The emergence of these peer-to-peer (P2P) lending platforms, offering loans ranging from as little as a few hundred dollars to several thousands, has so far been welcomed by Indonesia, Southeast Asia’s biggest economy where tens of millions of people have little or no access to bank credit.
More than 300,000 people have borrowed from these firms, with total loan distribution reaching 3 trillion rupiah ($218 million) as of January, versus 247 billion in December 2016, according to data from the Financial Services Authority (OJK).
Meanwhile, annual growth in bank lending has slowed to under 10 percent, from over 20 percent in the commodity boom years.
”We support P2P lending so the people can have an easier access (to financing). But when the access has been easier, the P2P companies feel the need to offer a high rate,” Eko Ariantoro, the director of the financial inclusion development directorate at OJK, told reporters on Tuesday.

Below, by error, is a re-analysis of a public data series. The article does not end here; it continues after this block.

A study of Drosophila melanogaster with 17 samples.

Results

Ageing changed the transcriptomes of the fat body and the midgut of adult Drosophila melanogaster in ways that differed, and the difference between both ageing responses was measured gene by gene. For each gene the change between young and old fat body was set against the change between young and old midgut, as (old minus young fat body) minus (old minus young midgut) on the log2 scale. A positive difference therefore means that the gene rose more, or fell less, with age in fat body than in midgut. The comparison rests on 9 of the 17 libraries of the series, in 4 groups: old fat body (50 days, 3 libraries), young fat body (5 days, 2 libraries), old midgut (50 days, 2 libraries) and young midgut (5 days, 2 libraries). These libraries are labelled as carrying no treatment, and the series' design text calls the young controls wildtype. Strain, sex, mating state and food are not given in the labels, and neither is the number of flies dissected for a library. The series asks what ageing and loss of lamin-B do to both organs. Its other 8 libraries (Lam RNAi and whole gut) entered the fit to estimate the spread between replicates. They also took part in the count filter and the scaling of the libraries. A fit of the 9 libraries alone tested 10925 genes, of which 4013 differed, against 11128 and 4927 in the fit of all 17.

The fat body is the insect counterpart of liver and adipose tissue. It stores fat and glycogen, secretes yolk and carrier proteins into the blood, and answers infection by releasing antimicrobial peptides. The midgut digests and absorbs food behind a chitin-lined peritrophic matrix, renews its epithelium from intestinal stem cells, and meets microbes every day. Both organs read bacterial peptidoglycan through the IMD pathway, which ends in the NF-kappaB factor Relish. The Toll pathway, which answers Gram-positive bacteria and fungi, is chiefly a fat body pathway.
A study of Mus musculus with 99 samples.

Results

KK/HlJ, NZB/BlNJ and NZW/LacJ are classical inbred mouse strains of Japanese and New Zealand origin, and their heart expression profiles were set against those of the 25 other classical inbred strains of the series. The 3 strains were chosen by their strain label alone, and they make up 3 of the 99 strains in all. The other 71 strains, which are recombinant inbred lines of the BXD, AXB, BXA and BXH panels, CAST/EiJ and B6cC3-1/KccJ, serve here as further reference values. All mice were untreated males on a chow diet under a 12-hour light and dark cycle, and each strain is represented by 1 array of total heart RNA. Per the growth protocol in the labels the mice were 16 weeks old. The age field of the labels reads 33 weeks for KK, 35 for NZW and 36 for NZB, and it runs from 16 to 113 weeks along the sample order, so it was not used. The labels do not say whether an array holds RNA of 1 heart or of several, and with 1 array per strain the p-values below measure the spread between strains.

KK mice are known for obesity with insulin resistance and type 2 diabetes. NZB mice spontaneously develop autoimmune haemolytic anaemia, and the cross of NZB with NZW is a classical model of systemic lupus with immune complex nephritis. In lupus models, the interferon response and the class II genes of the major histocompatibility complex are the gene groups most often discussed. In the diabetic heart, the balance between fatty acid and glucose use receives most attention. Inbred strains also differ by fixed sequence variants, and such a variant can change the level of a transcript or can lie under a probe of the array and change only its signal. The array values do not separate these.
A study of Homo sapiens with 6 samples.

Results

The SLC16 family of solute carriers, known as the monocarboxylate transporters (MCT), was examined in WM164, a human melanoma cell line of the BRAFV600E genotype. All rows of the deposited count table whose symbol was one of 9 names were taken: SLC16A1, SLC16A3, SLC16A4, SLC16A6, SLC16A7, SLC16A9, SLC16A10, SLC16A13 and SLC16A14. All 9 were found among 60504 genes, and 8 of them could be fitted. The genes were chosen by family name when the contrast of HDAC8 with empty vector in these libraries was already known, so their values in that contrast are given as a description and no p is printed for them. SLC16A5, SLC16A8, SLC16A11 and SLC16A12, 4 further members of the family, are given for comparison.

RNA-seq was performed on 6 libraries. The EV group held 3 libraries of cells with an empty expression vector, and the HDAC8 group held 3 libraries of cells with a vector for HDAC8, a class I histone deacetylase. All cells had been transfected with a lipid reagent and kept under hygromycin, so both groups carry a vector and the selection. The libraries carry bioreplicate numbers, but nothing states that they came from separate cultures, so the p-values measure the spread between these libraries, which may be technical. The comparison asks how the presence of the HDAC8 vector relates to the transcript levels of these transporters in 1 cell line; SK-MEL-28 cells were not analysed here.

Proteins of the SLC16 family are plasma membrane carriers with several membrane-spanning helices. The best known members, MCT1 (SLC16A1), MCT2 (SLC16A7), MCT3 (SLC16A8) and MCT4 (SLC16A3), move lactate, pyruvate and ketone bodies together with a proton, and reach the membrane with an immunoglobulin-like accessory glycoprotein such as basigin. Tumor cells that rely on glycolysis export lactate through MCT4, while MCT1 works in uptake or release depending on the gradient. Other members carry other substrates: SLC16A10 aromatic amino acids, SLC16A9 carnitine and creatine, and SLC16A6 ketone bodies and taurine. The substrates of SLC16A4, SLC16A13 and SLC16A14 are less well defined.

“We don’t want these developing fintechs to become loan shark-like businesses,” he said.
Ariantoro said the proposed maximum lending rate was still under discussion.
There are 36 registered fintech firms operating in Indonesia and OJK said 42 others were in the process to be approved.
The OJK plans to also issue a new regulation for crowdfunding platforms this year as part of efforts to protect customers’ fund, Ariantoro said.
”We are trying to regulate the mechanism to acquire and collect fund. There should be a form of responsibility to the fund owner,” he said
Indonesia’s financial regulator said it was considering setting a cap on interest rates and the size of loans offered by fintech firms, in a move aimed at minimizing the risk of defaults.